This article will discuss the connection between artificial intelligence and DevOps, with specific emphasis on the fields of machine learning and deep learning. You will then learn about five ways in which DevOps can leverage machine learning methods and AI to optimize workflows.
DevOps and Machine Learning
DevOps emphasizes short development life cycles and seamless updates to applications, and one of the key tools it proposes for achieving these aims is automation. Machine learning is a domain of AI that uses statistical techniques to enable computer systems to access data, uncover patterns, and learn from the data without explicit programming to perform such learning. So, where’s the connection?
The connection emerges when you consider the enormous quantities of data produced during DevOps processes. Using machine learning tools and methods, this data can be analyzed for insights and patterns, helping DevOps teams continuously refine their processes and achieve desired levels of automation.
Neural networks underpin the functioning of any machine learning model. A neural network is hardware and/or software that is modeled on a biological brain, containing a series of connected units, known as neurons.
4 DevOps Machine Learning Uses
Improved Code Quality
Releasing high-quality applications free from bugs that severely impact functionality is of paramount importance. However, Devops also requires testing to be conducted in an automated, swift way so that the aims of DevOps can be achieved. Manual testing in rapid development environments needs to be kept to a minimum so that testing doesn’t become a bottleneck.
One of the best ways to achieve desired levels of testing automation is to use machine learning methods to help testing tools come to a more intelligent, data-driven understanding of what constitutes high quality code and applications. The end result is comprehensive and fast testing that covers all important defects, improving the quality of code making it to production.
DevOps teams use a host of tools in their work, including the Jenkins automation server, Ansible’s software provisioning, configuration management, and application deployment application, and the version control system, Git. Activity data produced by the usage of all these tools can be brought together and fed into a machine learning model which can uncover patterns and anomalies in the data that DevOps teams have little visibility over.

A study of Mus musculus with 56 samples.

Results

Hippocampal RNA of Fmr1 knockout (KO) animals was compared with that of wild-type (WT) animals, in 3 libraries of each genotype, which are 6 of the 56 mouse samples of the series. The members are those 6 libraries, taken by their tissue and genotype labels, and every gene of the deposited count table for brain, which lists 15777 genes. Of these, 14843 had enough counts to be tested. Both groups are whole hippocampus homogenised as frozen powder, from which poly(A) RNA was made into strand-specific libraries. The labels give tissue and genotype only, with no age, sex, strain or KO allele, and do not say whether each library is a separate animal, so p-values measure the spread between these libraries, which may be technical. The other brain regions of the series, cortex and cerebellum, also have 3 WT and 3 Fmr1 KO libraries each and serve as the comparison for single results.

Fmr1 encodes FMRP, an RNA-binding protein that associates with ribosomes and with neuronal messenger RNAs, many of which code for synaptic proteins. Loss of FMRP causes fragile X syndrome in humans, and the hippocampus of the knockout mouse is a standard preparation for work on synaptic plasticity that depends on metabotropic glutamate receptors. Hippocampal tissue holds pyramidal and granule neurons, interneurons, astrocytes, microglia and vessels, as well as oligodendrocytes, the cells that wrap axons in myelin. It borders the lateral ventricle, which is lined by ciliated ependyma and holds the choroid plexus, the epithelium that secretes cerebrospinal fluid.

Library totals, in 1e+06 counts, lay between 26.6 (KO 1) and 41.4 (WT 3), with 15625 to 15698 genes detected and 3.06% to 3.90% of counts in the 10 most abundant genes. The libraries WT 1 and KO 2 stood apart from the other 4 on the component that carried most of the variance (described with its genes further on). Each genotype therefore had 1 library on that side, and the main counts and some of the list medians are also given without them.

The result of using machine learning to analyze activity data produced by DevOps tools is that development or operational inefficiencies can be identified more accurately. Issues like spending too long on certain tasks to the point of diminishing returns or bottleneck processes can be flagged and rectified, leading to shorter, more efficient development life cycles.
Automated Alert Prioritization
Alert fatigue has entered into the common parlance of DevOps teams, such is the magnitude to which DevOps engineers get bombarded with a range of alerts from all the monitoring tools they set up in production. Email inboxes become packed full of all these different alerts without any prioritization and the end result is that the monitoring tools, which are ostensibly used to monitor applications, end up being as worthless as not monitoring at all.
Machine learning and deep learning models can manage these alerts more intelligently by categorizing, grouping them, and prioritizing them. It is in prioritization that machine learning can deliver the greatest value to DevOps in this regard by gradually learning which alerts actually warrant attention and which ones to filter out. When people only see the alerts they need to, so-called alert fatigue is minimized. Deep learning platforms can help scale up this process and make it more efficient.
Predictive Failure Response
One of machine learning’s most widely acknowledged successes is its use in industrial settings to analyze sensor data and predict the failure of machinery and other equipment used to manufacture products. This sort of predictive failure response is also possible in the context of DevOps and deploying applications to production.
Machine learning models can be trained to predict application failures in production by monitoring huge stores of production data, such as throughput, to spot otherwise hard to find problems that will eventually result in outages. Given the increasing costs of downtime, this type of predictive application failure response is of great use in DevOps teams.
DevOps teams can leverage the power of machine learning in a variety of ways to improve their workflows and optimize processes. One potential issue flagged in relation to machine learning methods is the difficulty in understanding why a given model consistently arrives at certain decisions or classifications from a set of training inputs. Newer techniques like generating Grad CAM images are beginning to answer these more difficult machine learning questions using the power of data visualization.